Head and neck cancer is the fifth most common cancer worldwide . In the United States, head and neck cancers account for 3.3% of all malignancies . The cervical lymph nodes are a common site of metastasis for cancers originating in the upper aerodigestive tract. Rarely, cancers originating from sites other than the head and neck can metastasize to the cervical lymph node chain. However, genitourinary tract neoplasms make up a significant proportion of these cancers and should be considered in the differential diagnosis of neoplastic lesions of the head and neck . A study reported and identified 31 (3.7%) of 845 genitourinary tumors metastasized to the head and neck and 21 tumors (2.5%) metastasized to the cervical lymph nodes . Ferlito et al.  reported a series of genitourinary tumors and found this group to be the third most frequent tumor site to metastasize to the supraclavicular fossa.
Epithelioid tumors in the head and neck are common and include both primary and metastatic lesions . Metastatic lesions, clinical factors, tumor location, and ancillary immunohistochemical studies must be taken into consideration to help the clinician and the pathologist to determine the site of origin. A group of unusual, but important, primary tumors that can metastasize to the head and neck are genitourinary tumors consisting of carcinoma of the prostate (CAP), renal cell carcinoma (RCC), which is also known as clear cell carcinoma, and bladder cancer, of which the most common type by far is transitional cell carcinoma (TCC) .
Prostate carcinoma is the second most common cause of cancer death among American men . It has been established that more than 30% of men over the age of 50 will develop this devastating disease . Established risk factors include age, ethnicity and family history . Although most of the metastatic prostate cancers will arise in the axial skeleton or the pelvic lymph nodes, it has been reported to spread to the axillary and cervical lymph nodes of the head and neck region [3, 4]. A retrospective study identified 26 cases of metastatic prostatic carcinoma involving the supraclavicular lymph nodes, which were the most common site of invasion . One study reported 26 cases in which the most common primaries with metastasis to the sphenoid sinus were prostate adenocarcinoma, with an incidence of 20% . Ferlito et al.  reported 5 of 21 cases (24%) were normal for serum acid phosphatase, 7 of 20 cases (35%) had no evidence of metastases to bones, 8 of 19 (42%) cases had normal rectal examination and 19 of 26 cases presented with physical findings of urinary obstructive symptoms or enlarged lymph nodes despite no history of prostate cancer. This shows that the diagnosis of prostate cancer cannot rely only on clinical or serological examination. Rather it also depends highly on the combination of cytological or histological features with immunostaining using prostate-specific antigen and prostatic acid phosphatase.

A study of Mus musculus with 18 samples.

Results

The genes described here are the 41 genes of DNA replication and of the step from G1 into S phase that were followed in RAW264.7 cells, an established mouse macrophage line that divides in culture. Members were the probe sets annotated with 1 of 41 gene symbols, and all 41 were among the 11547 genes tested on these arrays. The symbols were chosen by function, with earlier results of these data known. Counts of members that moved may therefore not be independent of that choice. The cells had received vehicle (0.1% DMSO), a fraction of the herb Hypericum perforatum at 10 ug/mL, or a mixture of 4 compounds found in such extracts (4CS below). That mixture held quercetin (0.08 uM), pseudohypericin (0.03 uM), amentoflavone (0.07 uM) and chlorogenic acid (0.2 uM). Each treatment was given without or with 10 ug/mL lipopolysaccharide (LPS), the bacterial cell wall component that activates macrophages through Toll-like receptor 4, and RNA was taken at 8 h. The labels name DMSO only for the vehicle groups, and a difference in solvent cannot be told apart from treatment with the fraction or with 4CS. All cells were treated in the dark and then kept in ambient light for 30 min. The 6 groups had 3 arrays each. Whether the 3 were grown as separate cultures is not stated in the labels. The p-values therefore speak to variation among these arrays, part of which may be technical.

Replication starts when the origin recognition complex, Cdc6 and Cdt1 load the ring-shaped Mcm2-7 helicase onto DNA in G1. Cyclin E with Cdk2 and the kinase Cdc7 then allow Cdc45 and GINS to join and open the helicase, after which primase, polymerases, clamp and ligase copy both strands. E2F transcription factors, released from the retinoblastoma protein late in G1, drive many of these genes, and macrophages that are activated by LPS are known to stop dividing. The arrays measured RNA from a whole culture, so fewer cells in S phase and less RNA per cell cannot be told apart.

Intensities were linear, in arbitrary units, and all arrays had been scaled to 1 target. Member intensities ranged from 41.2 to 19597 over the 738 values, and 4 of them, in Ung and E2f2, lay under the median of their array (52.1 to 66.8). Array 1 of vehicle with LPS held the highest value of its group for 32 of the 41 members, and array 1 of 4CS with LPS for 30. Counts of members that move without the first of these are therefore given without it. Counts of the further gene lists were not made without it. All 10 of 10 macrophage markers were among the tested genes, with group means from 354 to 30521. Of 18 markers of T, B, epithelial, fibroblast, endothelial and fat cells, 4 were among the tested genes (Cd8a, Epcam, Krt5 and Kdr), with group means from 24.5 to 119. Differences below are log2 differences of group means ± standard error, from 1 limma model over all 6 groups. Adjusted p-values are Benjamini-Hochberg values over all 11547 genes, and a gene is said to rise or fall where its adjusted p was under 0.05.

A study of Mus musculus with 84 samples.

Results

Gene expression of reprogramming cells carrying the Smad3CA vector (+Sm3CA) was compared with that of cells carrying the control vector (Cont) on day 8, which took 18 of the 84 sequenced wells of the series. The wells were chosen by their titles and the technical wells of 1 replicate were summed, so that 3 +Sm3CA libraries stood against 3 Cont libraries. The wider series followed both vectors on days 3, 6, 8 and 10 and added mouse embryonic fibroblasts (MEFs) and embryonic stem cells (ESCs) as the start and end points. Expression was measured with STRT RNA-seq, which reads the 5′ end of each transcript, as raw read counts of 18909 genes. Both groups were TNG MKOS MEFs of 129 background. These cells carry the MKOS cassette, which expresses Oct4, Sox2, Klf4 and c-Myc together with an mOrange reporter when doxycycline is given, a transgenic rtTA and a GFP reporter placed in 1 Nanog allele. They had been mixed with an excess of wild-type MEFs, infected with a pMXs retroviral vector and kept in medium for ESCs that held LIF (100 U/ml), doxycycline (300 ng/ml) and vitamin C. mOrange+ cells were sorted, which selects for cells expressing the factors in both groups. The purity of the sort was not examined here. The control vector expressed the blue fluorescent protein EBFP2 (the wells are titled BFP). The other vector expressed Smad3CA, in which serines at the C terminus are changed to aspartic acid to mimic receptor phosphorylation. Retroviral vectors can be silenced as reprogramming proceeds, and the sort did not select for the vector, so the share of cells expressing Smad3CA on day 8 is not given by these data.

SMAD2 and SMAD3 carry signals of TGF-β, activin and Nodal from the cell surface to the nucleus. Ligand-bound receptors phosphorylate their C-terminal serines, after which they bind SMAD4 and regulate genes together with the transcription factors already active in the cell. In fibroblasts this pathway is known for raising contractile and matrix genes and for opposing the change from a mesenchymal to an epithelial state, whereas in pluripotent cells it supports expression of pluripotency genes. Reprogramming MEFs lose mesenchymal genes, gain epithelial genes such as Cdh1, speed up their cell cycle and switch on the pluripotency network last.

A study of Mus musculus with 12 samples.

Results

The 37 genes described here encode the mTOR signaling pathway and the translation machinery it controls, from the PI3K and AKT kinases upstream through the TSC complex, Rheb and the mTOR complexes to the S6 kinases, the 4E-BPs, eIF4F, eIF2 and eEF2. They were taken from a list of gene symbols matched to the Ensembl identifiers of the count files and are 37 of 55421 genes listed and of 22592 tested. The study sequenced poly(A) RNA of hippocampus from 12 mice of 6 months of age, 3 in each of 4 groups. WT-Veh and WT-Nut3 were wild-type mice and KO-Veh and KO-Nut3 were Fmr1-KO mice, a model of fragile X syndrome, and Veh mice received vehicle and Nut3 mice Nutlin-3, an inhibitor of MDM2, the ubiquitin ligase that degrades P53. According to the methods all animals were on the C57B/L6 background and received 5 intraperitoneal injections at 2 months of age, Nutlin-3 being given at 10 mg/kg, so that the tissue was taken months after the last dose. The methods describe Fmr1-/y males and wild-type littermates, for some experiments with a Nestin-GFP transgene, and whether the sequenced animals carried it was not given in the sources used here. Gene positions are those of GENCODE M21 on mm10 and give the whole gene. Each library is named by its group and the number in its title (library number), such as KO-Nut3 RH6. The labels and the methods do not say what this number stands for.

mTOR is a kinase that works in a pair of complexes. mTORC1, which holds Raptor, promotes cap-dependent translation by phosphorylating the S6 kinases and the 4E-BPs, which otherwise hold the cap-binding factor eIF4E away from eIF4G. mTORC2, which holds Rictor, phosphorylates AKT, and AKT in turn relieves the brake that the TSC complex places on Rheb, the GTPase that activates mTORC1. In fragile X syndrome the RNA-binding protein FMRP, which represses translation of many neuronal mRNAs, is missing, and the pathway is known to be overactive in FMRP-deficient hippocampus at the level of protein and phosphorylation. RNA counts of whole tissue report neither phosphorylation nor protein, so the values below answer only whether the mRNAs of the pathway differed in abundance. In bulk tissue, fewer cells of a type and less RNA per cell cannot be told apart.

Renal cell carcinoma accounts for 3% of all malignancies and can metastasize to any location in the body, and its propensity to metastasize to unusual sites has been well documented. Approximately, 30% of patients with RCC present with metastatic disease, 25% with locally advanced renal carcinoma, and 45% with localized disease . It is the third most frequent neoplasm to metastasize to the head and neck region preceded only by breast and lung cancer . In spite of being reported infrequently, head and neck region metastases may be linked to RCC in up to 8–15% of cases . Specifically, regions in the head and neck include the paranasal sinuses, larynx, jaws, temporal bones, thyroid gland, and parotid glands [13, 14]. RCC metastases to the nose and paranasal sinuses are most commonly affected followed by the tongue .
In a minority of patients, the classical presentation of RCC manifests itself in the classical triad of pain, hematuria, and flank mass. Unfortunately, head and neck metastasis from RCC is usually a manifestation of widespread disease and it is often indicative of advanced disease. RCC may remain clinically occult for most of its course. The expected 5- and 10-year survival rates for these patients are 5–30 and 0–5%, respectively . Approximately, 75% of patients with RCC metastasize most commonly to the lungs, 20% to bone, 18% to liver, 36% to soft tissue and 8% to central nervous system .
Bladder neoplasm accounts for 2–6% of all tumors, with bladder cancer becoming the fourth most common cancer occurring in the United States, with an increase in incidence after 65 years . Bladder cancer is the second most prevalent cancer for men and the tenth most prevalent cancer for women . Bladder carcinoma metastases are commonly found in bone (75%), followed by lymph nodes (26%) and lung (20%) . Supraclavicular lymph node metastases are rare and indicate widespread disease with poor prognosis. Metastases of the head and neck regions are also uncommon and their most frequent sites are the brain, supraclavicular nodes, neck nodes and the skull . Hessan et al.  reported and identified 3 of 207 cases (1.4%) for cervical lymph nodes. Very few cases of TCC metastasize to the oral cavity, including one reported case in the maxilla  and seven reports identified in the mandible . Only four cases have been described in the oral soft tissues one in the tongue  and one in the submandibular gland .
Metastatic tumors to the head and neck are extremely rare. Therefore, the literature is based largely on sporadic case reports. Possible routes of metastasis to the head and neck include arterial, venous and lymphatic circulations. These include paravertebral venous plexus (Batson’s) or through the thoracic lymphatic duct. Overall, correct diagnosis is important, as these patients may achieve remission and prolonged survival with chemotherapy, irradiation and/or hormonal therapy.